We’ve had an early spring this year, and I’ve been noticing more weeds and more unusual weeds in my yard as a result. I hope others are not having this problem, but in case you are, I’m going to do a weekly feature on the weeds I’m finding — this could take all summer!
Let me know if you have a weed you would like to have covered.
This week’s weed is one that has long been a problem in parts of my yard, but has really gone crazy this spring: Wild parsnip (Pastinaca sativa).
Wild parsnip is pretty easy to identify, though it does look a bit like a native called prairie parsley or wild dill. It has fern-like leaves that come up in early spring. If you pull the weed, you can see its taproot, which does indeed look like a parsnip. According to the Minnesota Department of Natural Resources, wild parsnip will stay in this plant stage for more than one year, then flower on a tall, grooved stalk. The flowers resemble Queen Anne’s Lace, but have small yellow flowers arranged in an umbel fashion. If you see the flower heads, cut them off! Seed can survive in the soil for up to four years.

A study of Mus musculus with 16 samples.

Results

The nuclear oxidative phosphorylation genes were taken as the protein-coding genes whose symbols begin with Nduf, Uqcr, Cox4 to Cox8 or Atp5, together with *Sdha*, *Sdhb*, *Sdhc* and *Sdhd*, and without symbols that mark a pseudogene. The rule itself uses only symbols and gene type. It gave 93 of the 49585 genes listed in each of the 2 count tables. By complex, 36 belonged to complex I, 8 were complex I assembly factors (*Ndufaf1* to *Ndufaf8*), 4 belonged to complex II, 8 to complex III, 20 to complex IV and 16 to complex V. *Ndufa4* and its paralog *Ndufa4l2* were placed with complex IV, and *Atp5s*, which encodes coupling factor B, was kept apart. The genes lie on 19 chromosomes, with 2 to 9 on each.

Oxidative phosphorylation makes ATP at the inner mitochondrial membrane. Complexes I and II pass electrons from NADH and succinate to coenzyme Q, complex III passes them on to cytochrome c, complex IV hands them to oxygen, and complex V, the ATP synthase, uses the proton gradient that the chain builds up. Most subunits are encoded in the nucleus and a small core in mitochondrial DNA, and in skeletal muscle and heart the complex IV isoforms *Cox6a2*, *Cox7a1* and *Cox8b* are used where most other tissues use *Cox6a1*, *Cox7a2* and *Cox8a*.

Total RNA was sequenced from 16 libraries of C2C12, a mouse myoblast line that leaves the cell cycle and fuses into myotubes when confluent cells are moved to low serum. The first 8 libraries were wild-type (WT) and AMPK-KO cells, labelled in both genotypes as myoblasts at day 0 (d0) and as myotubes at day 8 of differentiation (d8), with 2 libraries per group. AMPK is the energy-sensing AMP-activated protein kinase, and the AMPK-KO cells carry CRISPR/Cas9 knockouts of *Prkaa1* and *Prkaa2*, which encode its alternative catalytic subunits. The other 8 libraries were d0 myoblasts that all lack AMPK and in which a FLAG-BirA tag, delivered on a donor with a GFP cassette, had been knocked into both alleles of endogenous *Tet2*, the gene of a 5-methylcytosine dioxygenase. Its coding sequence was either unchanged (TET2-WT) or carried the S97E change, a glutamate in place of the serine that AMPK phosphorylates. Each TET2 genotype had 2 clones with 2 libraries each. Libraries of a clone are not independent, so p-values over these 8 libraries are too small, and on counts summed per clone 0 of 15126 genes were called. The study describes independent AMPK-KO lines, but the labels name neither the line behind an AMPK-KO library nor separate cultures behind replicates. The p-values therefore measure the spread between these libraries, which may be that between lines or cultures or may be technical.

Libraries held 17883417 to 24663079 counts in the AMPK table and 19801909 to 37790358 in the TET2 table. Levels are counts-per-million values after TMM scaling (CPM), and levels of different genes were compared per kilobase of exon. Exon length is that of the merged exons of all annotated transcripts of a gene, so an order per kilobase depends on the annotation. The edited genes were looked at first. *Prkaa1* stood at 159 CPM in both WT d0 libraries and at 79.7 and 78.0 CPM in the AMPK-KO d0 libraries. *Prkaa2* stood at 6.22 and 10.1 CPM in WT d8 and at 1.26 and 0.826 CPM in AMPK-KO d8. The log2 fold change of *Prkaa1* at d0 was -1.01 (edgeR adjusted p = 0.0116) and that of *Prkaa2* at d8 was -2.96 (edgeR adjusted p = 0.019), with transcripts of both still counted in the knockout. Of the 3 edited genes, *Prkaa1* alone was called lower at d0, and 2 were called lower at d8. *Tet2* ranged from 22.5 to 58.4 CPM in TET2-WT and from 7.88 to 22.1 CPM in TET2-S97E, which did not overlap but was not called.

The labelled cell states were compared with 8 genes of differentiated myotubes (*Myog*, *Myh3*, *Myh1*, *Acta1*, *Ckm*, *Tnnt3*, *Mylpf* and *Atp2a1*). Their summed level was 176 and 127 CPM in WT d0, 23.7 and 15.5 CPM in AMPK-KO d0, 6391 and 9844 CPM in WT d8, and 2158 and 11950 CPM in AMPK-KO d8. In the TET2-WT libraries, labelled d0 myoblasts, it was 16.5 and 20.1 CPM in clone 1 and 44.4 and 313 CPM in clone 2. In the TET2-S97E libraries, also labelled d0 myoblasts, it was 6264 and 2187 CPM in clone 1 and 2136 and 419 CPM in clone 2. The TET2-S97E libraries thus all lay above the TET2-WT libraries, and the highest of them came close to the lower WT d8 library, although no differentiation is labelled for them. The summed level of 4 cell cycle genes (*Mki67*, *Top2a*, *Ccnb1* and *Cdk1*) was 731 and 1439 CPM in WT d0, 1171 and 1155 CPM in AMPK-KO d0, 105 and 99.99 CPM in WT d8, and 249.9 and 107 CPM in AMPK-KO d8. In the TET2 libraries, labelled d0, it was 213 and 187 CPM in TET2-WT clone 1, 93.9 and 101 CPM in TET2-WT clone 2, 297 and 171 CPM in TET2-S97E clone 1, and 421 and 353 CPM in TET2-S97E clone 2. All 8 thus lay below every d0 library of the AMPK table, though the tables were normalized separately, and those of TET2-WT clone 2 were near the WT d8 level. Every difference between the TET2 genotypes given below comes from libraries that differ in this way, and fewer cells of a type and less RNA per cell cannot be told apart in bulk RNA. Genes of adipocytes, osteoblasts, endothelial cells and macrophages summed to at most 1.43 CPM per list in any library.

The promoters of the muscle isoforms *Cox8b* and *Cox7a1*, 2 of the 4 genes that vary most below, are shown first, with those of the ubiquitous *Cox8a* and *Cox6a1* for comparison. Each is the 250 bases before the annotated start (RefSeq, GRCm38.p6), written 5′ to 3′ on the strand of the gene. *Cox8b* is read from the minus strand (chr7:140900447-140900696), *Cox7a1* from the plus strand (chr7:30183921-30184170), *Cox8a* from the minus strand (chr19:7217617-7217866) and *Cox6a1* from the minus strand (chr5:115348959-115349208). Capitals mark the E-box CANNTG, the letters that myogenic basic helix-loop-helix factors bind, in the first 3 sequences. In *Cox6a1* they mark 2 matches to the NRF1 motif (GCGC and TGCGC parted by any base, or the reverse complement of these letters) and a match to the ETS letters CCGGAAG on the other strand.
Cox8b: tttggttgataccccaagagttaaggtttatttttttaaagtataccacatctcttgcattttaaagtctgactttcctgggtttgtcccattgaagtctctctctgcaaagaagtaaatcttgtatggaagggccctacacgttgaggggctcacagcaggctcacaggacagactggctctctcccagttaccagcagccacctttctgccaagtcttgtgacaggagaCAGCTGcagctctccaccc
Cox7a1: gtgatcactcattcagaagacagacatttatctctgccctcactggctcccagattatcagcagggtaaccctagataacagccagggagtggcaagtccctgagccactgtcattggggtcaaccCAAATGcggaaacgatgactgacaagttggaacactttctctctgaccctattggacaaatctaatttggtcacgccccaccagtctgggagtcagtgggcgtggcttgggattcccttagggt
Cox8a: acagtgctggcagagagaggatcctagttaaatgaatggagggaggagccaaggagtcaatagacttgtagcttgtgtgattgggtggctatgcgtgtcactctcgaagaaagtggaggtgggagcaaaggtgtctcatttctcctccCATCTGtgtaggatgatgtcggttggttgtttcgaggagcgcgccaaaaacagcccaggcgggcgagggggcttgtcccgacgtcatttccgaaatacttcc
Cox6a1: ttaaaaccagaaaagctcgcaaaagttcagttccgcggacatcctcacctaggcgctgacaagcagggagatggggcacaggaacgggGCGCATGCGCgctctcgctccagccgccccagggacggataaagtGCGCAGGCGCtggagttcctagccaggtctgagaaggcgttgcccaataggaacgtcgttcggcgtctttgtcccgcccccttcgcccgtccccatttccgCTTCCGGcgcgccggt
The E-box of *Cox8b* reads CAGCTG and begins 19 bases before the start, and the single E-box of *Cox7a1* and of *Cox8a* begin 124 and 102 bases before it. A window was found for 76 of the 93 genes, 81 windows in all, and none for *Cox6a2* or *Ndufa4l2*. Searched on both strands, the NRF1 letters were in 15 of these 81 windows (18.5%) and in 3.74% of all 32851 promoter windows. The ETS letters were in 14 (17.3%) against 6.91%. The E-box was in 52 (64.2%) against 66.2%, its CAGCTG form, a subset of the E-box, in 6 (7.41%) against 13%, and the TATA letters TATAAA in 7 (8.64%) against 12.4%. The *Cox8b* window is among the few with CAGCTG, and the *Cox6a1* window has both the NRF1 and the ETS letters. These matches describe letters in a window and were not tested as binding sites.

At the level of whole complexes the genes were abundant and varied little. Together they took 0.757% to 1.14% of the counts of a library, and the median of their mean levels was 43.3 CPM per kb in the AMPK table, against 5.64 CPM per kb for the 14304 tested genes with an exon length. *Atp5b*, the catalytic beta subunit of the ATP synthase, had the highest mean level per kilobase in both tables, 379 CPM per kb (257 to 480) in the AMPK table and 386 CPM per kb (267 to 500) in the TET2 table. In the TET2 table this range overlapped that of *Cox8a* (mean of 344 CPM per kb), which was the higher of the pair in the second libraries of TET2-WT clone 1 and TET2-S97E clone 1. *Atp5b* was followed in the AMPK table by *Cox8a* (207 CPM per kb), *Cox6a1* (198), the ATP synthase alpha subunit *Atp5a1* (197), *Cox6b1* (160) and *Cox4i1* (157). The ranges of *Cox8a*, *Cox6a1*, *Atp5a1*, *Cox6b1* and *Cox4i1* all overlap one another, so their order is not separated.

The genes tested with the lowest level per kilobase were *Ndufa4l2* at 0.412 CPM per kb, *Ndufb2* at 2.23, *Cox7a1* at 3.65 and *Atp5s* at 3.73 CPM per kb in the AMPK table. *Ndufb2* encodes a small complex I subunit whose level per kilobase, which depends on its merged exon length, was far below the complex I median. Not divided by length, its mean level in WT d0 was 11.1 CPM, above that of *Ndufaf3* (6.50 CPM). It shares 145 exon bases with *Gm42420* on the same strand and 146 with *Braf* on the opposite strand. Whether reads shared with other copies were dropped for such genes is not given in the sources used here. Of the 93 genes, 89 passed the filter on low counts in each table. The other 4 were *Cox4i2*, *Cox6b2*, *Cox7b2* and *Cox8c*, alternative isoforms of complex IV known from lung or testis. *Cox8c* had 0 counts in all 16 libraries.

Wild parsnip also can cause phytophotodermatitis, which means if you touch the sap and are out in the sun you can get a nasty rash. Always wear gloves (and long sleeves!) when dealing with this plant.
Prevention is the best control method. The DNR says that in established prairies you can leave the wild parsnip alone and it will be out-competed by other prairie plants. In distrubed areas (this is what I have), you can pull plants. If that’s not possible, remove the flowerheads before they go to seed. Wild parsnip is a prohibited noxious weed in Minnesota.